Miniature Farm Diorama Creates Excitement for Agriculture

7/19/2014 7:00 AM
By Rebecca Long Chaney Special to Lancaster Farming

HARRISBURG, Pa. — More than 600 junior exhibitors from 34 states spent a week in Harrisburg last week for the Junior National Hereford Expo. In addition to the main events were tours to Gettysburg, food stands featuring local favorites, and an elaborate miniature farm diorama by father-son team, Alvin and Charles Vogel, who welcomed Hereford farm families to visit their exhibit in the Farm Show Complex.

A diorama is a three-dimensional model and is a way to build an exciting and educational scene in a small space. And that’s just what Alvin Vogel and his 32-year-old son, Charles, created.

Tucked into the corner of the cattle barns close to the show arena, a steady flow of young and old visitors enjoyed the miniature farm displayed safely inside a portable trailer. Inside, kids begged for the lights to watch the miniature fair carnival and fireworks light up the display.

The Vogels have been entertaining thousands with their diorama since 2009. The farm toys are representative of the 1960s through today.

“Most of the display is made up of Charles’ childhood farm toys,” Alvin Vogel said. “He never took his toys outside. The display has about 2,000 pieces and every piece has a story. Many of the miniature toys are not available in stores — Charles built them from scratch.”

The craftsmanship of the small replicas made by Charles Vogel is nothing short of amazing. Hailing from Evans City, Pa., the Vogels have a Hereford cow-calf operation.

“People are completely naive (about) where their food comes from and that’s why we wanted to create this miniature farm — to help educate the public about food production,” Alvin Vogel said.

The exhibit depicts a fair, a carnival and numerous working farms, all with miniature pieces of farm machinery harvesting crops as well as beef cattle and dairy cattle, some with milkers on.

“It’s a busy display to show all the work involved in producing food and to let folks know food comes from the farm, not the store,” he said.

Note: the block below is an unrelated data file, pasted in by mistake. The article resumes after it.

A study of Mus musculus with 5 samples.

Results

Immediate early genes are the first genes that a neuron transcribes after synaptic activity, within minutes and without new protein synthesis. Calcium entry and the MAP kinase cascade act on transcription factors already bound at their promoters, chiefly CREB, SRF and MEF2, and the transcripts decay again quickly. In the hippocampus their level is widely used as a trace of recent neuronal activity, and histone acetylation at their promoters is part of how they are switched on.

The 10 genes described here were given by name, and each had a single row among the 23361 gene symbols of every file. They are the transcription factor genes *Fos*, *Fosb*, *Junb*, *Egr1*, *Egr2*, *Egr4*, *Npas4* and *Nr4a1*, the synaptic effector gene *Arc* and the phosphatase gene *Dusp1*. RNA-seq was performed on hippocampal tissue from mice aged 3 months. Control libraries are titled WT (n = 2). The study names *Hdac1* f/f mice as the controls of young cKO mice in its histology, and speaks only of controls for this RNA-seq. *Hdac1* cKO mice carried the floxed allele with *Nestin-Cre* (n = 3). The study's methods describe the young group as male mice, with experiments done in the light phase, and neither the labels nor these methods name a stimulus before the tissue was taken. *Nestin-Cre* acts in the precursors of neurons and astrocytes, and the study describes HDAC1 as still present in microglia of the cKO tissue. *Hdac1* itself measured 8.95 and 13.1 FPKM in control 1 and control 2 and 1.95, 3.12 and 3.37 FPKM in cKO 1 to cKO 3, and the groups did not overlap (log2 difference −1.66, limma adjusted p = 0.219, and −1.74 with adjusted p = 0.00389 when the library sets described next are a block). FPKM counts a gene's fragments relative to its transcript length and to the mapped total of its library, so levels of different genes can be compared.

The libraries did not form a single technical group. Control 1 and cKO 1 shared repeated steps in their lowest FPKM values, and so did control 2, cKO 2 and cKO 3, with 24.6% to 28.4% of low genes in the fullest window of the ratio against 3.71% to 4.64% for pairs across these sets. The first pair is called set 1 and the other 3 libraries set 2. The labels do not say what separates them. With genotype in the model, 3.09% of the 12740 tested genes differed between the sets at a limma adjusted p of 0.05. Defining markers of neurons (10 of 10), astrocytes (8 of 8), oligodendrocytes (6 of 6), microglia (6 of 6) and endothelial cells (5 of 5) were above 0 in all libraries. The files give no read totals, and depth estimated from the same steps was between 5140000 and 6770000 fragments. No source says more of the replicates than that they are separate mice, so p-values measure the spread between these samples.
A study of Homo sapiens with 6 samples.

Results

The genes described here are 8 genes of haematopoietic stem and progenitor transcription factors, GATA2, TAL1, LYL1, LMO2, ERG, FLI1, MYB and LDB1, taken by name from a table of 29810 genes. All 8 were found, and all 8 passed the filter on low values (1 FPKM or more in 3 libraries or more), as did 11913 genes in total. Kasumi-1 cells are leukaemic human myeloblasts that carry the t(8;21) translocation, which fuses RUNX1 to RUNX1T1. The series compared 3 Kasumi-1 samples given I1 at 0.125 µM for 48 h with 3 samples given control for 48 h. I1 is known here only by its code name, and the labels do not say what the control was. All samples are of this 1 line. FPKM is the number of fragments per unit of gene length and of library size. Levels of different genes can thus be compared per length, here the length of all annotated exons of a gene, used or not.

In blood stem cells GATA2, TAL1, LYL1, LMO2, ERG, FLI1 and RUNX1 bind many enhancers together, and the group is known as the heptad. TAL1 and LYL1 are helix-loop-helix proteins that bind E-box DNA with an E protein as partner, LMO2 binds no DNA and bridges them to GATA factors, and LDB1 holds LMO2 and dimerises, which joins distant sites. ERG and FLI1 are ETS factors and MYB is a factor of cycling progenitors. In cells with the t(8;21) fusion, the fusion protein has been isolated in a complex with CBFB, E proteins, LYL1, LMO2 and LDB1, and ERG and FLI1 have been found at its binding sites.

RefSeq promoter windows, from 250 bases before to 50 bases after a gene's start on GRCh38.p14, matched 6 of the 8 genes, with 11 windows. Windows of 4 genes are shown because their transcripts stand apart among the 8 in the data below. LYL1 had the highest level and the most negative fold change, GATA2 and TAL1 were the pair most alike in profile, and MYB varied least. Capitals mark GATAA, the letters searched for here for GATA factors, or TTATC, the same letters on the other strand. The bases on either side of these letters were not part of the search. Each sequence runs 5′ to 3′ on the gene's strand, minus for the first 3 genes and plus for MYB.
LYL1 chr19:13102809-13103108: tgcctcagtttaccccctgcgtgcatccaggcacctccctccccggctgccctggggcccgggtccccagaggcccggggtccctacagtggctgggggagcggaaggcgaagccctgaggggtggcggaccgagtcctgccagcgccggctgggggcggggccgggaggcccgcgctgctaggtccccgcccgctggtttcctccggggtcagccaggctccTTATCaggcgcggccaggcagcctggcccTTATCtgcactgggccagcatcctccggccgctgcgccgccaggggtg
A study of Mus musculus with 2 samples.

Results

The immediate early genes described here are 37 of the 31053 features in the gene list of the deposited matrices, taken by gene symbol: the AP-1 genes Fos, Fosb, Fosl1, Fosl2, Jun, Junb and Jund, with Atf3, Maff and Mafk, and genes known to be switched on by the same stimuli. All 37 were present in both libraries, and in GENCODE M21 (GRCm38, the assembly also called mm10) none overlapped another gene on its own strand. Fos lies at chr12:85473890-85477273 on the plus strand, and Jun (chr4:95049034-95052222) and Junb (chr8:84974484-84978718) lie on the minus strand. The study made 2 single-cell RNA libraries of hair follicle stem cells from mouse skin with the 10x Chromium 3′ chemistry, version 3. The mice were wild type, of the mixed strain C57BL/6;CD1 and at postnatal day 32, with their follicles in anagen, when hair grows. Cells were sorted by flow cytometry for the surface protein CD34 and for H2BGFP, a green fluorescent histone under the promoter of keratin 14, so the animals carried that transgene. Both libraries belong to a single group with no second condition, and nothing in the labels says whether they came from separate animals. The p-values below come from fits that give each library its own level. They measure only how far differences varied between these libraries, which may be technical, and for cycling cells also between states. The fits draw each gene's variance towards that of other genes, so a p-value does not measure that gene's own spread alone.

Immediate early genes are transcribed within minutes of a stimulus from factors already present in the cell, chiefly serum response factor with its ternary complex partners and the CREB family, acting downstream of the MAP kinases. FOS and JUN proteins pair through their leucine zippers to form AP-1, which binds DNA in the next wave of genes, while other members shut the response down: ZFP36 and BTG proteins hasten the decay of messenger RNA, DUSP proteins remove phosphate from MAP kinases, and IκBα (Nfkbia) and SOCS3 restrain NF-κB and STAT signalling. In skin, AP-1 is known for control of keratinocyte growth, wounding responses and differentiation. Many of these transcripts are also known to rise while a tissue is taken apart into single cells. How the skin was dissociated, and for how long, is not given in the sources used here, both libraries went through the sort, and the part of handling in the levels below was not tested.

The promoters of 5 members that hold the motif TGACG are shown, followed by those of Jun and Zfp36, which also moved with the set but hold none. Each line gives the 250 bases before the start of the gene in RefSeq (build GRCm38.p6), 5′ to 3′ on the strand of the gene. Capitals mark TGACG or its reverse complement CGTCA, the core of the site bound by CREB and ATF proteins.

In the exhibit are miniature antique cars and tractors, along with silos, grain mills and a little blinking light that looks like a farmer is welding.

The Vogels paid great attention to detail and enjoy sharing their love of miniature farm toys and agriculture with the public.

“We travel to fairs, farm shows and lots of events where the public comes in,” Alvin Vogel said. “Some agricultural groups help pay our expenses to events to get the message of food production out.”

“I enjoy talking to people about the display and really enjoy the expressions on kids’ faces,” he added.

Six-year-old Eli Dixon of Rislur, Ind., pointed to a few things in the display that were similar to toys he had at home in his miniature farm collection. “I’d like to get in there and play,” he said, “I like the barns and trucks ... I’d like to play with it all.”

Joe Renn of Hartland, Wis., who was exhibiting Herefords at the Expo, said he had farm toys at home as well. “We raise beef cattle and dairy cattle in Wisconsin,” he said. “I play a lot with my play farm and sometimes I forget where I am. I think this diorama is really cool, especially all the cattle. ... I especially like how big it is.”

Creating the large diorama was no easy task. Great care was taken with placing each small item, according to Alvin Vogel. “Many items are glued down and won’t move,” he said. “But everything with wheels gets taken out of the display and carefully packed when the trailer is taken home or to the next show.”

According to the Vogels, it’s a challenge.

“The display is never exactly the same and you have to be careful not to break any of the farm toys in the display while placing others. Each time we arrive at a new show it’s like playing farm again because we unpack everything with wheels and place it,” Alvin Vogel said with a smile. “The display is an entire working farm.”

“It’s been a great week and we’ve met Hereford breeders from all over the country,” Alvin Vogel said.